MIAMI -- At New York on Thursday afternoon, Jose Reyes had a career-long hit streak come to an end.
On Sunday, it was Reyes who played the spoiler role.
Reyes' one-out single to center in the seventh inning quashed Chris Capuano's no-hit bid. But the line drive wasn't nearly enough to elevate the Marlins to a series victory.
Capuano scattered two hits and struck out 10 over eight innings, while Hanley Ramirez drove in three runs as the Dodgers blanked the Marlins, 5-0, in front of 28,388 at Marlins Park.
Entering the seventh inning, Miami manager Ozzie Guillen realized the no-hitter was highly possible.
"I said, 'This is our inning to get a hit,'" Guillen said. "I told [bench coach] Joey Cora, 'Right now, if we don't get a hit, I have to prepare my press conference to tell [the media] how I feel about the no-hitter.' I was thinking about how many no-hitters I was [part of], when was the last time I got no-hit. All those things went through my mind. Thank you, Reyes, for that one."
Reyes provided one of the brief moments the Marlins had something go right on a day they were shutout for the 11th time this season.
With the Mets a year ago, Reyes was a teammate of Capuano. The Miami shortstop praised the Dodgers' left-hander, along with adding it was a relief to get the first of two hits.
"No doubt, because you don't want any pitcher to throw a no-hitter against us," Reyes said. "The way this season is going for us, if somebody throws an no-hitter, it's going to be embarrassing. At least we put two hits on the board."
Miami's second hit was by Nick Green, who dropped a floater just fair in right field in the eighth inning.
"Awesome," Guillen said of Capuano. "Great performance."
Capuano's gem enabled the Dodgers to take two of three in the series.
The series also marked a triumphant return to Miami for Ramirez, who was dealt on July 25.
The 28-year-old went 2-for-4 with three RBIs, giving him five RBIs in three games.
Miami's Wade LeBlanc, making his third start since being moved into the rotation, was impressive in seven innings. The left-hander allowed one run on six hits.
"Maybe he's just revitalized over there," LeBlanc said of Ramirez. "A fresh start. That's what a lot of guys need sometimes. You see it with a lot of guys, not just Hanley. It's more so with him because of how soon he's come back here, and how well he's played these three games."
LeBlanc had a stretch of retiring 13 straight before allowing a single to Luis Cruz with one out in the seventh inning. Able to get through the inning unmarked, the attention turned toward Capuano and his no-hit bid.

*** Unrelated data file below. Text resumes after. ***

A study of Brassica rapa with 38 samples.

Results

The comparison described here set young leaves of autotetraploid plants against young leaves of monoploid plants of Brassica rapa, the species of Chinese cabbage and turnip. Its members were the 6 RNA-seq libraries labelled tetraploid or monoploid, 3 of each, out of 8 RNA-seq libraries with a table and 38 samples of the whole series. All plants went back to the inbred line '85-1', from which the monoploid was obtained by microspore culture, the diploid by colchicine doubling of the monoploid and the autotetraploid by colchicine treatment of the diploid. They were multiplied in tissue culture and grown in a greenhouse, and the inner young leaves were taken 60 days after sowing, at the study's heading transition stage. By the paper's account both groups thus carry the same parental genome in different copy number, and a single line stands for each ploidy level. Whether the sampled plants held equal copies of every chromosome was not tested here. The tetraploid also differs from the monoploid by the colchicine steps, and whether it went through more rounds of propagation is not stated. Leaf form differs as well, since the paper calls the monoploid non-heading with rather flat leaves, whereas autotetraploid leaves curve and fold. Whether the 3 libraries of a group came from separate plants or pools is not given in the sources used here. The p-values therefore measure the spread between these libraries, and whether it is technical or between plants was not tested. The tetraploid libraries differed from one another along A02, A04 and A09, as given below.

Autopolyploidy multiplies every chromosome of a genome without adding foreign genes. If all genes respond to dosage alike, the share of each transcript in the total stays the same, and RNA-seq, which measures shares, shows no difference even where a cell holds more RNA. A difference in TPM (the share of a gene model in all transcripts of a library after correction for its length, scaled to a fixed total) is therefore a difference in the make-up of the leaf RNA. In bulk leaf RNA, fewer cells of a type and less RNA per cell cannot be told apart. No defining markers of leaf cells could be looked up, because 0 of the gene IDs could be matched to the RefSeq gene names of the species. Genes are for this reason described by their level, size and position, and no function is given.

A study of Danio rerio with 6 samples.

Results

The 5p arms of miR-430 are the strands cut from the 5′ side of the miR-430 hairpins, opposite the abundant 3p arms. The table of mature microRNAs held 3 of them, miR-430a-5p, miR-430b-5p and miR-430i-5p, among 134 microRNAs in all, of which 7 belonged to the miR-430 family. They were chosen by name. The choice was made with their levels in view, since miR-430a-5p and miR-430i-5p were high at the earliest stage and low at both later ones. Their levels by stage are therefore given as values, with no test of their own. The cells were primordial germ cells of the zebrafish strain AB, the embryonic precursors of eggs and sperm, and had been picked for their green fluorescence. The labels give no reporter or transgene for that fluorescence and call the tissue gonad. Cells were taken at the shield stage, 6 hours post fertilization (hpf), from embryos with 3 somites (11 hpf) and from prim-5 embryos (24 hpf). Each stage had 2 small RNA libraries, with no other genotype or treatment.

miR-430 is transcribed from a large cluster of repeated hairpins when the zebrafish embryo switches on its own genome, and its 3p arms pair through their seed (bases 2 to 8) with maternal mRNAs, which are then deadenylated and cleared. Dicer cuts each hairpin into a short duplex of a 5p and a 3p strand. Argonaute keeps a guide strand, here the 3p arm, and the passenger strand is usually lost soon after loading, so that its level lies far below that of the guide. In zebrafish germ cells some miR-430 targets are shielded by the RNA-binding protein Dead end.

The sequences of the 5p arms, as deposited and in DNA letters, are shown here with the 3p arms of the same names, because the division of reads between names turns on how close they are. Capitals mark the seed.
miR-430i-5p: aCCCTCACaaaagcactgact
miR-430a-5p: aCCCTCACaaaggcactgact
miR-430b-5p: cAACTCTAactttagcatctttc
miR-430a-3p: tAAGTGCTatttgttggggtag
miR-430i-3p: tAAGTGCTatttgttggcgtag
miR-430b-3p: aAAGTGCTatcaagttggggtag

The Los Angeles lefty struck out Justin Ruggiano to open the seventh. But on a 1-1 pitch, Reyes lined sharply to center, providing Miami's first hit, which came on Capuano's 78th pitch.
"I had a nice heckler, when I was in the on-deck circle, keep reminding me of it," said Capuano. "I probably made a mistake when I turned and said something back."
Until the seventh, Capuano had issued three walks, but he faced just one batter more than the minimum.
The Marlins have been no-hit twice in their history. The last occurred on May 29, 2010, when Philadelphia's Roy Halladay tossed a perfect game at Sun Life Stadium. On July 14, 1995, Ramon Martinez of the Dodgers no-hit the Marlins.
Sunday marked the 57th game at Marlins Park. There has yet to be a no-hitter. But on Opening Night, St. Louis' Kyle Lohse flirted with one.
Like Sunday, it was Reyes who singled in the seventh to break it up.
"He was good," Reyes said of Capuano. "He was using pitches very good. He had a good changeup, good control. I played with him last year, he knows how to pitch. He's a veteran. We've got to give some credit to him."
Reyes has been hot of late. He had his career-high 26-game hit streak, the longest in the Majors this year, come to a halt on Thursday against R.A. Dickey and the Mets.
Ramirez's sacrifice fly with the bases loaded in the third inning provided the Dodgers with the early lead. The score remained that way until the Dodgers scored four runs off Heath Bell in the eighth.
Ramirez later provided a two-run single, and Andre Ethier collected an RBI single off Bell. Cruz then laced an RBI double off Chris Hatcher, with the run charged to Bell.
"All of a sudden, the game went from being a very good game to a very bad game -- in one inning," Guillen said. "It's fun to watch a game -- 1-0, 2-1 -- no matter what side, because anything can happen. We give up four runs late in the game. The way we were hitting and he was pitching, there was nothing you could do about it."